There was a “creeping” sensation in the back of my mind after watching the premiere episode of the new Creepshow series on Shudder: “What if they saved their best content for the first episode in order to hook viewers in, but the rest of it is going to be garbage?” I don’t know why I thought that. I guess I was just so hopeful that the show would be good, and paranoid that it would be a misfire.
My hopes are higher than ever after seeing episode 2.
This time, we get a good old fashioned werewolves and Nazis tale with Jeffrey Combs, and a Greg Nicotero-directed creature feature like no other. Before getting into the stories themselves though, I need to mention that the physical puppet Creeper character that appears in the wraparounds is a little wonky. It looks great in stills, but it doesn’t seem to have much of a range of motion, and it really ought to have been given a voice. One can’t help but think of HBO’s Crypt Keeper for several reasons, and this Creeper doesn’t come close to that level of personality and presence. Odd, since Nicotero is the K&B Special Effects guy and they surely made this puppet themselves.
But the wraparound segments in Creepshow are no more than window dressing really. It’s the stories that matter. The first, “Bad Wolf Down”, is about a group of American soldiers in the second World War who get boxed into an abandoned jailhouse by enemy forces. When they discover a mysterious woman locked in one of the cells, and bloody prints on the floor that look suspiciously lupine, we know immediately where things are headed.
Jeffrey Combs, now an aged genre legend, once again plays a scene-devouring Nazi and brings pretty much exactly what you expect to a fairly minor role. When shit hits the fan, it’s both impressive in its gory effects bombast and obviously restricted by budget. They clearly didn’t have the funds to commit to full-on werewolf transformations, but the comic-book motif of Creepshow provides a convenient workaround to mask that limitation.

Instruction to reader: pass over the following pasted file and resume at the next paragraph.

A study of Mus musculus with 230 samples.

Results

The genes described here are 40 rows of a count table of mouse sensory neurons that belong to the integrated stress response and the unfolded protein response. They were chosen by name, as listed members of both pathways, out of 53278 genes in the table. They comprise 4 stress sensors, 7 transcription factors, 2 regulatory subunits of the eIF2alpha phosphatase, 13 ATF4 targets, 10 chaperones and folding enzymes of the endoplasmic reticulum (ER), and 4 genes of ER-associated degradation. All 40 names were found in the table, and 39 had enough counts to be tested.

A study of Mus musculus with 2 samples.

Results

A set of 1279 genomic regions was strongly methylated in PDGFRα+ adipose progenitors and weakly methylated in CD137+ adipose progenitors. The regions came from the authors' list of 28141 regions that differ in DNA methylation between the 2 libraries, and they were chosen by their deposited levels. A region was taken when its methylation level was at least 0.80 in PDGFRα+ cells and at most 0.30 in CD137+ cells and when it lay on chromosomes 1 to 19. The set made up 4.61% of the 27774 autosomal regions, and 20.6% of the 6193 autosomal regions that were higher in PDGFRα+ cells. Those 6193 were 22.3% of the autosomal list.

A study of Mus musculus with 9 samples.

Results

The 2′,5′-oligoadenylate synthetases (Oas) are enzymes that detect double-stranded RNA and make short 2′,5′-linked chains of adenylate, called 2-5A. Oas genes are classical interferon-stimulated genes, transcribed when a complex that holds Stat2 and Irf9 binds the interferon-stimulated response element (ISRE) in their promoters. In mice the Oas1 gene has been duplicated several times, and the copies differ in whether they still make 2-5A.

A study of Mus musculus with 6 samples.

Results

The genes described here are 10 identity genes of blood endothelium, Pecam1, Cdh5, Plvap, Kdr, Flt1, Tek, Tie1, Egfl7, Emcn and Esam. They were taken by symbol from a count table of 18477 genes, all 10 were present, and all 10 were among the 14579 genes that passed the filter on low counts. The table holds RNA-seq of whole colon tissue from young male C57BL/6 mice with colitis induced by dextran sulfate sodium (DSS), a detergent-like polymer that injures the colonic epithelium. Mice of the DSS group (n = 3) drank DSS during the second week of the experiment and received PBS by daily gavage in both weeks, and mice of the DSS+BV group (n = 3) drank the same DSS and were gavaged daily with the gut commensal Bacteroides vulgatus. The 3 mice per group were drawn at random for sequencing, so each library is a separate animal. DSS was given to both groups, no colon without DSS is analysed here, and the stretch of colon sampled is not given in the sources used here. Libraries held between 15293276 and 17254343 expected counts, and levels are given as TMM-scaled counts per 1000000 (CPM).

The next tale, “The Finger”, is a one-man show starring DJ Qualls as a fourth wall-breaking narrator living a pathetic, lonely existence, who discovers a monstrous digit of unknown origin and soon starts to notice it has some strange properties. I don’t want to reveal any more about the plot than that, because where it goes from there is entirely unexpected and extremely quirky and bizarre. The first episode used CGI to augment its marquee creature in Grey Matter, and in The Finger it would have made perfect sense to do so again. Instead it commits to 100% practical effects, and it adds to the charm 10-fold. Like Greg Nicotero’s direction itself, a lack of polish and refinement can actually be a bonus in a project like Creepshow.
I eagerly await the remainder of this series, in particular episode 4, which includes a short called All Hallows Eve. To boot, the season finale is airing on Halloween itself. God bless Shudder.